GREAT FALLS — Great Falls Fire Rescue is always making sure they are staffed and prepared for some of the worst situations. GFFR Personnel spends nearly 16 days a month training for emergency medical responses. While training tends to take place at their own training facility, they decided to hit the streets of downtown Great Falls and train at the Baatz Building, located at 400 2nd Avenue South.
"We're doing it at the Baatz building because we try to utilize buildings like this in the community for a little sense of variety and being generally unfamiliar with the layout," said GFFR Deputy Chief of Training Nolan Eggen. "We do have a training facility where we train frequently. however, it's kind of the same thing over and over again when you know the building and the layout. When we have the opportunity to use a vacant or newly constructed building, it just adds a different element to the training."
Simulating a multi-family residential home, the training consists of various objectives ranging from pulling hose lines to performing victim rescue operations. Inside, the Baatz building was filled with stage smoke, challenging the firefighters' ability to see while they perform rescue tasks along with the ability to communicate with one another.
Eggen explained the experiences that one can gain from this type of training.
"There's a significant rescue profile to something like this. We have a lot of people living in relatively small space. It's not just fire tacks and pulling hose lines. We also have searches, unconscious victim rescues and conscious victim rescues. Some of it is via ground latter from the street as well as our latter truck to access the upper floors.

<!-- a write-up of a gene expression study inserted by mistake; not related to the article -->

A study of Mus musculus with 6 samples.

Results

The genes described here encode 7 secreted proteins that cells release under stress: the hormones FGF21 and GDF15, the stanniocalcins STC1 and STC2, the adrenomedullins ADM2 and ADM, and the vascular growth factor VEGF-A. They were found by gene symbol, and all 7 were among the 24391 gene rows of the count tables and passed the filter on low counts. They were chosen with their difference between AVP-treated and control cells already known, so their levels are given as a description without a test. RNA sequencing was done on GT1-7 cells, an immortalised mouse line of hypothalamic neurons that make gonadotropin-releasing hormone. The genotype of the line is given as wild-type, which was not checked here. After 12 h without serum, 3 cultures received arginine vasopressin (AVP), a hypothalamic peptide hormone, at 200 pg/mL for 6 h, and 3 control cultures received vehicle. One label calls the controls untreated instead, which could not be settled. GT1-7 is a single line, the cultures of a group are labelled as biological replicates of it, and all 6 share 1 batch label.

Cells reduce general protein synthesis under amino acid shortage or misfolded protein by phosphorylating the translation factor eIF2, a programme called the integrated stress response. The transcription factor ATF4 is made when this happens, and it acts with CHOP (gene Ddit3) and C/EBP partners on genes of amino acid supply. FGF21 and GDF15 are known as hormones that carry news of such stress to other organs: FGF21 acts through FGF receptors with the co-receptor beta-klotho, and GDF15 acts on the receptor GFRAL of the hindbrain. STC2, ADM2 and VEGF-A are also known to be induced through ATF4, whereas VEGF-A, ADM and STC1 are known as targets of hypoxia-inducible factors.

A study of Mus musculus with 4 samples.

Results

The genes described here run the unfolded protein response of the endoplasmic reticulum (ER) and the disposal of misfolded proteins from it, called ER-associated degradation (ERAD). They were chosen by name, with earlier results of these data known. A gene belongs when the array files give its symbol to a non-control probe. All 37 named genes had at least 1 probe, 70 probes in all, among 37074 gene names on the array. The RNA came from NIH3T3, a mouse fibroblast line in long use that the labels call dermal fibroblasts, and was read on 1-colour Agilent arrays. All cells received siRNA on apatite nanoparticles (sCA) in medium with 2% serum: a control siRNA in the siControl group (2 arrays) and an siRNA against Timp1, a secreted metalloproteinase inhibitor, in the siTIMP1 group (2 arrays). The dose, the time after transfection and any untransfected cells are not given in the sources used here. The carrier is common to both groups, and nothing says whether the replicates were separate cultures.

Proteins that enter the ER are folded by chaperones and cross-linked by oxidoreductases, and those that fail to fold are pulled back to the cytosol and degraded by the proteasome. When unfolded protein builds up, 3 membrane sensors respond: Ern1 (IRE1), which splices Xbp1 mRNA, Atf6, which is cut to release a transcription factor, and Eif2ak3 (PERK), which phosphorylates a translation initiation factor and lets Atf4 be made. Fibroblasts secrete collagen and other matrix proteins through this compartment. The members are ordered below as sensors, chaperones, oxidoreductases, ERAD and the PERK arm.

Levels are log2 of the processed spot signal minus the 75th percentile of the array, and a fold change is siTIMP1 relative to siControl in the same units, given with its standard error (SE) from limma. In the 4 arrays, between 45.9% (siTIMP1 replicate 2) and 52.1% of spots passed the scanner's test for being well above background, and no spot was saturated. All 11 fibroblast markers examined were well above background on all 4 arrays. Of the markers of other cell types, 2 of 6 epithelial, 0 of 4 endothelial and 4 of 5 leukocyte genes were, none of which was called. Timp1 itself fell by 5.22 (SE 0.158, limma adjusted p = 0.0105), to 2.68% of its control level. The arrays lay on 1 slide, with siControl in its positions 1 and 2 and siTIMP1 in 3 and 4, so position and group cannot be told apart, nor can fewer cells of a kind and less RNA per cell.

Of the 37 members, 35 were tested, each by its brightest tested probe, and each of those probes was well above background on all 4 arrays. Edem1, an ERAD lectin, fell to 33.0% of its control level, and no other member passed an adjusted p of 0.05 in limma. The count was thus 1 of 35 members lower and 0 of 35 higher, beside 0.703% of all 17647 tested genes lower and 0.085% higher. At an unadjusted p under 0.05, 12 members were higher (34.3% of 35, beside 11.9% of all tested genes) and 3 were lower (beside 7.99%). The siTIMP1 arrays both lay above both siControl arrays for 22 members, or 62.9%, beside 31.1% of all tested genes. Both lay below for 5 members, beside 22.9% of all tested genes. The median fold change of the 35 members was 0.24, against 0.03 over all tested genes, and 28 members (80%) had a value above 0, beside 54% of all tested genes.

Another unique side to the training is the collaboration with Malmstrom Air Force Base.
Technical Sergeant Jordan Herrick serves as Assistant Chief of Operations for the Malmstrom Fire Department. He noted the importance this training serves for his team.
"Some of the buildings that we're using downtown here, we don't even have this type of construction. It's not commonly found in military bases, but it still has a similar layout to some of our dormitories and larger facilities, so the training is very valuable, especially building that mutual aid partnership. We're learning their language, they're learning our language, and we're integrating our training together."
GFFR and MAFB said they rarely have the opportunity to collaborate. Herrick noted that the four-day training between GFFR and MAFB was important in building camaraderie.
"It's been extremely valuable. We're able to learn the way we do things. We all do the same job, but there are multiple ways to take care of the problems and calls we respond to. It's really cool for our guys to see different techniques as well as sharing our experiences and techniques with them.
Eggen said, "In any kind of training, it's an opportunity to build relationships among our guys and keep everyone's skills sharp. Everyone works at different stations, so it's an opportunity to get everyone to work together. We also invite our mutual aid partners such as Malmstrom to build those relationships as well."
The Baatz Building will soon be transformed into apartments for people coming out of homelessness. NeighborWorks Great Falls will redevelop the building to feature 25 apartments targeted toward people who have previously experienced homelessness.